What Drives Christine DeZelar-Tiedman

To connect researchers to the Libraries' rarest items?

By Jon Jeffryes

Some of the University of Minnesota Libraries’ rarest and most unique items pass through the hands of Christine DeZelar-Tiedman. From Civil War journals to guestbooks featuring the signatures of literary giants like Sinclair Lewis, Gertrude Stein, and Alice B. Toklas. Christine works with a team of librarians to review rare objects and make sure they are discoverable by the researchers that need them.

Christine DeZelar-TiedmanAn extra layer of complexity

As Metadata and Emerging Technologies Librarian, Christine coordinates a team of library staff to create records for the rarest and most unique items that the Libraries own. These allow Libraries’ search tools to connect the items to researchers’ search queries. Along with managing projects and workflows, Christine also works on “some of the more complex original cataloging.”

Most cataloging focuses on a book’s content — describing what a book is about. There’s an extra layer of complexity with Archives and Special Collections materials as they “are collected and researched not only for the content, for the ideas within them, but as objects themselves.” This means that Christine and her team may need to research and describe book bindings, marginalia, and previous owners to connect researchers directly to the history of the object.

Along with creating comprehensive descriptive records to enable researchers’ discovery of historical treasures, Christine must also guide her team through changing technology. As Christine notes in her recently published book chapter, “Discovery of Special Collections Materials at Web Scale: Opportunities and Challenges for Metadata Librarians” in New Directions for Special Collections, “… special collections catalogers have been challenged to find ways to make their materials findable in today’s environment of web scale discovery and mobile device-friendly interfaces.”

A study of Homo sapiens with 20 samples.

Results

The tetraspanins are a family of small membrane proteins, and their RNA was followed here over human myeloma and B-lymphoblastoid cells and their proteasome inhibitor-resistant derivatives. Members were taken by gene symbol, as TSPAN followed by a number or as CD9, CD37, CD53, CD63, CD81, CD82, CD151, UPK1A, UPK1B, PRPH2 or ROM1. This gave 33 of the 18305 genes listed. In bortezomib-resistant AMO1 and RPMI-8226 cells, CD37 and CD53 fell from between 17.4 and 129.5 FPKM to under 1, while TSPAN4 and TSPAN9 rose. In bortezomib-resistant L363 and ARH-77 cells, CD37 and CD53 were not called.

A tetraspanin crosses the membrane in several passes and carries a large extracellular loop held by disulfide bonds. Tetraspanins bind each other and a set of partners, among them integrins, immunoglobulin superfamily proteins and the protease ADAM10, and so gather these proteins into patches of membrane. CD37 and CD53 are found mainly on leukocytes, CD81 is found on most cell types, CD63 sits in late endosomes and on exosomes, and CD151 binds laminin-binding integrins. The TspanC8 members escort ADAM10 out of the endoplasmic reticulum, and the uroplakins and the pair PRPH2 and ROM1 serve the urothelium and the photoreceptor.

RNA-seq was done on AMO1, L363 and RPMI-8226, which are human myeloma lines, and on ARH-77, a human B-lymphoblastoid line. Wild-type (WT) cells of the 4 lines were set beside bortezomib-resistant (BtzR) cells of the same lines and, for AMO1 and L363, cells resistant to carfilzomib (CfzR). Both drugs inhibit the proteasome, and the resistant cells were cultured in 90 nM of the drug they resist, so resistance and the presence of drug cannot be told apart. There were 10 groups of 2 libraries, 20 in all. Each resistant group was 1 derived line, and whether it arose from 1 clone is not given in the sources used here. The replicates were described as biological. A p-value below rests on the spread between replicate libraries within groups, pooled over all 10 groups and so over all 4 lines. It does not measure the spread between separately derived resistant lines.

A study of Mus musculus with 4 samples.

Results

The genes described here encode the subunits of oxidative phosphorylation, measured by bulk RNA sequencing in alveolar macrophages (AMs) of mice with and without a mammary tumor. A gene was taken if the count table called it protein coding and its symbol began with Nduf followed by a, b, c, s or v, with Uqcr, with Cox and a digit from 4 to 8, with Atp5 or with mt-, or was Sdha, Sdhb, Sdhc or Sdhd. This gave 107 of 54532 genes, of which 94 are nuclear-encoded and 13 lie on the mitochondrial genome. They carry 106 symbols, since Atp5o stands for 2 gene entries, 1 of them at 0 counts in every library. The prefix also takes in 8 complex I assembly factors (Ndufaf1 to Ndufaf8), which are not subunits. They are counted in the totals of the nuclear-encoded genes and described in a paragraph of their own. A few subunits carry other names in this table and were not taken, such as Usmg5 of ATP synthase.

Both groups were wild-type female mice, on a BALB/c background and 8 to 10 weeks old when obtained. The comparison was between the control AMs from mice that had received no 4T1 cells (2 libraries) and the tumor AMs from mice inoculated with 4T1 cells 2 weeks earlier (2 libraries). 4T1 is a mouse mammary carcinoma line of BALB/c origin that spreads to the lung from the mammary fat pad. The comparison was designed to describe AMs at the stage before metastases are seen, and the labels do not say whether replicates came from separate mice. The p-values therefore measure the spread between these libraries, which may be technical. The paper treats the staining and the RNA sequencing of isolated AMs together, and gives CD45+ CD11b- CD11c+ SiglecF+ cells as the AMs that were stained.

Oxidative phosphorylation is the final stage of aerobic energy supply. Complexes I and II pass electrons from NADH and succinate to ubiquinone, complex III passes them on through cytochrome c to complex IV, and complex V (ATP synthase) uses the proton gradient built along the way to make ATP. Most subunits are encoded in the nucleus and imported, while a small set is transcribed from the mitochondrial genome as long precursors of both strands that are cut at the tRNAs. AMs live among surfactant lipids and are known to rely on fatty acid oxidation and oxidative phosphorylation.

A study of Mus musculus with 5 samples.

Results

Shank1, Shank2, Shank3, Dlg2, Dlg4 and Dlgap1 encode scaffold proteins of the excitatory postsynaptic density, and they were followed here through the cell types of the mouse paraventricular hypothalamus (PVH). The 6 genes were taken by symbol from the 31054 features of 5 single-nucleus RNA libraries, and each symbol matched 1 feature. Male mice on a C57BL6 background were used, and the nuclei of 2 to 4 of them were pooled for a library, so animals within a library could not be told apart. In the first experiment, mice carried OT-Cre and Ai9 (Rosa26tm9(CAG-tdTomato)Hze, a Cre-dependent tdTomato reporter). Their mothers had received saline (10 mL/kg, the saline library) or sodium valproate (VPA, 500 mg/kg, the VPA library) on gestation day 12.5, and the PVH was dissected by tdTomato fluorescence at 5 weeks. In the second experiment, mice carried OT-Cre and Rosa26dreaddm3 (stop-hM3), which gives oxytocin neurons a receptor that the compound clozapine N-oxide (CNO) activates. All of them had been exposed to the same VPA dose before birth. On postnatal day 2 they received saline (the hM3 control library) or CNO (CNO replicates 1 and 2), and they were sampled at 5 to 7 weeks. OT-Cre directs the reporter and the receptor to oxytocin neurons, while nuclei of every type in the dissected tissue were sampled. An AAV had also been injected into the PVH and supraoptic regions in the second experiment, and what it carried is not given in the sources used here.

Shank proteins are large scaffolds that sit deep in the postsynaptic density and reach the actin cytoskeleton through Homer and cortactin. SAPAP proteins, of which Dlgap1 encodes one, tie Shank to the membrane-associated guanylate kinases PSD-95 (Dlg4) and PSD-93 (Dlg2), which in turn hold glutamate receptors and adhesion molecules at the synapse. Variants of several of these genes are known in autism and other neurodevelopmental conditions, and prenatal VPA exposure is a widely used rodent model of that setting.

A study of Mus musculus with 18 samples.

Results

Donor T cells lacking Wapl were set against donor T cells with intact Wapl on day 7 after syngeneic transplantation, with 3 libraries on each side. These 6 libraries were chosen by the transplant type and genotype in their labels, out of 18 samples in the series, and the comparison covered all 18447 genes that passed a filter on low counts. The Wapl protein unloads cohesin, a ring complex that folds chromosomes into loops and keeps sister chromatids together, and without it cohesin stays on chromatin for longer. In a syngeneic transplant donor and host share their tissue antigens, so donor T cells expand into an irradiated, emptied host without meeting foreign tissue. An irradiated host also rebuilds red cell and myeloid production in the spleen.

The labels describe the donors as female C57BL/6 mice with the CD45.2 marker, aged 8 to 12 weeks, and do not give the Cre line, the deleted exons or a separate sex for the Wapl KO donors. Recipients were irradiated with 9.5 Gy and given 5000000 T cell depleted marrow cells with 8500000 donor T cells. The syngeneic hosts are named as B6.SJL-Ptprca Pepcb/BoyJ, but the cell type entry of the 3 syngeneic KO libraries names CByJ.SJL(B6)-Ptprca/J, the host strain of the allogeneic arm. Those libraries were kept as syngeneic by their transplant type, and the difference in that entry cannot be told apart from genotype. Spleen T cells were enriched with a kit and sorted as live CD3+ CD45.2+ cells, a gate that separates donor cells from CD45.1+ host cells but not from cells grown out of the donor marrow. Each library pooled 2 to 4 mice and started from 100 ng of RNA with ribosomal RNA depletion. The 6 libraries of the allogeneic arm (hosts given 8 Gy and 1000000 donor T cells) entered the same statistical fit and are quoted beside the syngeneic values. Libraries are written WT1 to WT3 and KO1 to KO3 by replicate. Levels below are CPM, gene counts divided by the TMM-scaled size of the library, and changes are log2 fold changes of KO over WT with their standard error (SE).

‘Knowledge for the purpose of bettering the world and for bettering individuals.’

Christine values knowledge and the role she plays in the University’s work in “knowledge for the purpose of bettering the world and for bettering individuals.”  

In addition to the role she plays in supporting the learning and research of library patrons, Christine appreciates the opportunity that her work gives her to learn. “In order to do a good job I need to learn more about the subject area or the person who gave us the collection or the company where it originated.”  

She also enjoys interacting with the old rare books that come through her desk — “the old rare books are just beautiful objects themselves.”

Outside of work, Christine has a lifetime love of theater. She acts in community theater and other smaller theater venues and is an avid theater attendee as well. Christine also loves to travel and read. Library Journal named Christine one of their “Reviewers of the Year” in 2015.

‘Find those things …in the vast sea of data’

As technology changes, Christine embraces new challenges. She’s recently started working with “large scale data remediation” which identifies errors or other needed updates in library records and creates “ways to fix those in a more automated fashion.”

No matter the technology, Christine’s work has a powerful theme.

“What I do helps people, hopefully, to be able to find those things …in the vast sea of data that we have out there.”